Indiana Bankruptcy Lawyers Offer All-or-Something Advice – Part Three

November 10, 2012 5:00 pm Published by

The theme for this weeks’ Bankruptcy in Indiana is “all or something”, meaning that while bankruptcy law may consist of fairly simple rules, real life situations are rarely simple or cookie-cutter.  In fact, at the five Zuckerberg bankruptcy law offices, the essence of our work, both prior to and during a bankruptcy, is to work through all the complex details in each individual case in order to achieve the most favorable outcome possible.

Earlier this week, we saw how Denise in Ohio was able to keep most of, but not all of, her annuity structured settlement payments exempt from creditors’ claims, and how Deborah in Kentucky was able to repay her 401(k) loan before using that income to pay creditors.

Interestingly, today’s story, which was found by one of my Richmond bankruptcy lawyer colleagues, IS about an all-or-nothing situation.  That’s because, when it comes to telling the truth to the bankruptcy court, it must be the “whole truth and nothing but.”

Before explaining what happened at that North Carolina bankruptcy creditors’ meeting that caused the bankruptcy case to go wrong and to have a discharge denied, let me explain that somewhere between Day #20 and Day #40 after bankruptcy documents have been filed with the court, a creditors’ meeting is held.

  • At the creditors meeting, William, the debtor, said he owned a horse trailer, but that it had never been titled in his name.  He totally failed to disclose that he had around $3000 in 70 tools that he kept inside the trailer.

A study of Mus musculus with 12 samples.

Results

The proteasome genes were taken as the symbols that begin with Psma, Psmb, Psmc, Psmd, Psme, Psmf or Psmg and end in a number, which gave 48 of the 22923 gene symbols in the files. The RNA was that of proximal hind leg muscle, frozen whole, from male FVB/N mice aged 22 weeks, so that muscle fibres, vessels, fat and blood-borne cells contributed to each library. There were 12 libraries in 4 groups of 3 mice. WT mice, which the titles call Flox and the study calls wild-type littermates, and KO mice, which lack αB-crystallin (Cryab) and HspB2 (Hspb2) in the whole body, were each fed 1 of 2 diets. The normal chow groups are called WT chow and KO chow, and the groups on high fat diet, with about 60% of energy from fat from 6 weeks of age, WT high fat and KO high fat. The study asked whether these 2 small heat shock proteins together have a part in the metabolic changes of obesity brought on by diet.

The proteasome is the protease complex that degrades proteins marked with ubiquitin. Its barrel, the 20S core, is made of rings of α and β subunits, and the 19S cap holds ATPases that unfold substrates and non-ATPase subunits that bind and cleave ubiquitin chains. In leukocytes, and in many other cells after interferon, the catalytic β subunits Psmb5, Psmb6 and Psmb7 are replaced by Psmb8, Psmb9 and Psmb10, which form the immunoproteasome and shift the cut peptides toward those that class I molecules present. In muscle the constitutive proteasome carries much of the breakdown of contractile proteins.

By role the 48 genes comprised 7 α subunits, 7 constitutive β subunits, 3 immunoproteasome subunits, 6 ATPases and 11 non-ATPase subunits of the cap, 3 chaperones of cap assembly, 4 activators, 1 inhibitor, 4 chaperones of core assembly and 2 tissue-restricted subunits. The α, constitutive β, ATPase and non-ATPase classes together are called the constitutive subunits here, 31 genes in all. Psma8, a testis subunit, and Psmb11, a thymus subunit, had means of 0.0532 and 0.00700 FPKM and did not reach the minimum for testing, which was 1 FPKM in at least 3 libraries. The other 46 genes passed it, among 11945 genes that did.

• That meant he’d made a statement under oath that was false.
  • Also, they found, William had moved the trailer and tools from his backyard shed about two months prior to filing the bankruptcy. 
  • The tools were auctioned off and creditors got more money, but the man was not able to save his own fresh start”.

As a bankruptcy lawyer in Indiana for almost twenty-five years, I've attended countless creditors' meetings along with my clients. In fact, a big part of the work I do is helping folks gather all the required documents and information, fill out the forms correctly, and then go over the questions that might come up at the creditors' meeting. Generally speaking, the bankruptcy trustee will first ask about the reasons you filed bankruptcy – was it a business failure, an illness with high medical costs, loss of a job, a divorce, or a combination of several of these factors? The trustee will ask you to verify that all your assets are listed on the forms, and will want to know how the value of those assets was determined.

Now, in any situation, for real compromise to take place, everyone has to have the same information, and that information needs to be correct and honestly portrayed. It’s the same with bankruptcy in Indiana.